As the ban on evictions is lifted almost one million households fear being made homeless, new research has suggested.
The Joseph Rowntree Foundation said 400,000 have already been served with an eviction notice or told they may be evicted and a further 450,000 households are in arrears with rent, JRF said. A ban on evictions in England ends today, leading to warnings from housing campaigners that tenants face a wave of proceedings as bailiffs are allowed to resume using court orders for repossession.
JRF said the temporary ban on bailiff-enforced evictions has provided much-needed security to renters during the pandemic. The ban was introduced in March 2020 and has been extended several times throughout the pandemic. The JRF survey of more than 10,000 households suggested ‘clear warning signs’ of a spike in evictions and homelessness as the ban lifts, the report said.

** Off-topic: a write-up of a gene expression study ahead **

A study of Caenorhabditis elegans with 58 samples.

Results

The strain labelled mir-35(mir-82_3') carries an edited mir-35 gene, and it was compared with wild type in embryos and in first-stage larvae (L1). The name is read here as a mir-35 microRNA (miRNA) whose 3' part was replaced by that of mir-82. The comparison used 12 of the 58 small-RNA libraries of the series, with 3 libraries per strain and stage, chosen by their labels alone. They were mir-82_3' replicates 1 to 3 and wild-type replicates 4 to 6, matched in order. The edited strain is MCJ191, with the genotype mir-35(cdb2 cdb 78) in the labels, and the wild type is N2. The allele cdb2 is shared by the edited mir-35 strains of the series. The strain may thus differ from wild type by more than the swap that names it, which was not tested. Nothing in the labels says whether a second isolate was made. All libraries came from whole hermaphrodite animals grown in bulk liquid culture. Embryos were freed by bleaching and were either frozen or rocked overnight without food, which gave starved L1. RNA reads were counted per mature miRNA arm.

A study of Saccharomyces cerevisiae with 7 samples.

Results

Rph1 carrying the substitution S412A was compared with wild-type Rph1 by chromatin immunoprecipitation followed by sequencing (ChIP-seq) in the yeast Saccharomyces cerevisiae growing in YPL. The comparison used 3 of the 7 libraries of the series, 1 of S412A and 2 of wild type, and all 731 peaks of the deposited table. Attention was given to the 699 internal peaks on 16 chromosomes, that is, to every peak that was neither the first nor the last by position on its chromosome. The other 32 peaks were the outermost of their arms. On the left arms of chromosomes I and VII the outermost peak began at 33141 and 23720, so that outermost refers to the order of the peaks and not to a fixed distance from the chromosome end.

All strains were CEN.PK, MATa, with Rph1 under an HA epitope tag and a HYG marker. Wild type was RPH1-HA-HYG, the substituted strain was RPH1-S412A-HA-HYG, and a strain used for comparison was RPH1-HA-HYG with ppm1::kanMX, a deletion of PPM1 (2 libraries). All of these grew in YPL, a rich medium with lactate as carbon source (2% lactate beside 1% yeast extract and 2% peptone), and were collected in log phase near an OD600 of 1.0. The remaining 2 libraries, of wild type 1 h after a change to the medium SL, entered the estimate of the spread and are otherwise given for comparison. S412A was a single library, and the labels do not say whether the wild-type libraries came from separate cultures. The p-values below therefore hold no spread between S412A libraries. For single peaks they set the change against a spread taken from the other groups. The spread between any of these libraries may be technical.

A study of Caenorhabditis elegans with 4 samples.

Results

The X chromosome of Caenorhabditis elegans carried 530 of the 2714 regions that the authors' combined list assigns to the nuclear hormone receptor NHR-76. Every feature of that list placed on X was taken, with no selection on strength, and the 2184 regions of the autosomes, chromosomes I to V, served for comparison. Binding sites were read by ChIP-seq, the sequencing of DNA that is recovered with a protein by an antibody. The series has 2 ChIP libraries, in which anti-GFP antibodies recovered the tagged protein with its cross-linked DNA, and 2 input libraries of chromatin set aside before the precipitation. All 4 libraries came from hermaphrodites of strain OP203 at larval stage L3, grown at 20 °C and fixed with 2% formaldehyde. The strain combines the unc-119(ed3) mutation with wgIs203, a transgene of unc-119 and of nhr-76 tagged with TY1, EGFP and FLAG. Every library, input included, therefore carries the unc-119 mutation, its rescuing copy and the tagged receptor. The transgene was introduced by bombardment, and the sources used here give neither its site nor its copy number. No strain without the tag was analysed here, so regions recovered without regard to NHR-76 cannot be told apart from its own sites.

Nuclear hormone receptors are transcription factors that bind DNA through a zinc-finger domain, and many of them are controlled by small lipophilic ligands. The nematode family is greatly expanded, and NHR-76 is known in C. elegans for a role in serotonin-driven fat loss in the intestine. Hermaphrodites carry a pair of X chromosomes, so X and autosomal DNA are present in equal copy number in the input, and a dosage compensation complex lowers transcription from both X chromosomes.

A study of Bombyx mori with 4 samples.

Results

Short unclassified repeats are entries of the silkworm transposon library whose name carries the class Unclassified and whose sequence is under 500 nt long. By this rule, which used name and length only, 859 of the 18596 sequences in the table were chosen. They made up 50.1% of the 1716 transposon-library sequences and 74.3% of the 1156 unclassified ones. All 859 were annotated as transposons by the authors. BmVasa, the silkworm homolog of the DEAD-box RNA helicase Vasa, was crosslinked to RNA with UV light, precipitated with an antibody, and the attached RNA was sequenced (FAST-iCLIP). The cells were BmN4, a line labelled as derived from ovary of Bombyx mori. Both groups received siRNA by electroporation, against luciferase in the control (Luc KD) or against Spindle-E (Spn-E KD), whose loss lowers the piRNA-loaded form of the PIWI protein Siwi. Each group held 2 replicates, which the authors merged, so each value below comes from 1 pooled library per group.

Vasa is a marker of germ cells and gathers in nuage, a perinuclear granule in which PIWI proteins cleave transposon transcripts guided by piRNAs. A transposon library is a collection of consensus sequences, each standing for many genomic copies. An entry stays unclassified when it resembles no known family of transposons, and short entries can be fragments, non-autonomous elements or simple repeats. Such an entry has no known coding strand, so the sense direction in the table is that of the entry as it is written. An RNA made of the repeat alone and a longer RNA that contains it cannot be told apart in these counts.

However, the lift will be welcomed by landlords, some of whom have been left with no recourse to take against tenants who have been simply unwilling to pay rent rather than those who are unable.
Rachelle Earwaker, of JRF, said: ‘For the 450,000 families locked in rent debt, the prospect of securing a mortgage is simply unimaginable and, worse still, many will now struggle to secure a new home in the private rented sector just as the eviction ban ends.
‘High levels of arrears are restricting families’ ability to pay the bills and forcing many to rely on hidden borrowing. ‘This is not only deeply unjust, it is also economically naïve and risks hampering our economic recovery, which is reliant on household spending increasing as society continues to reopen.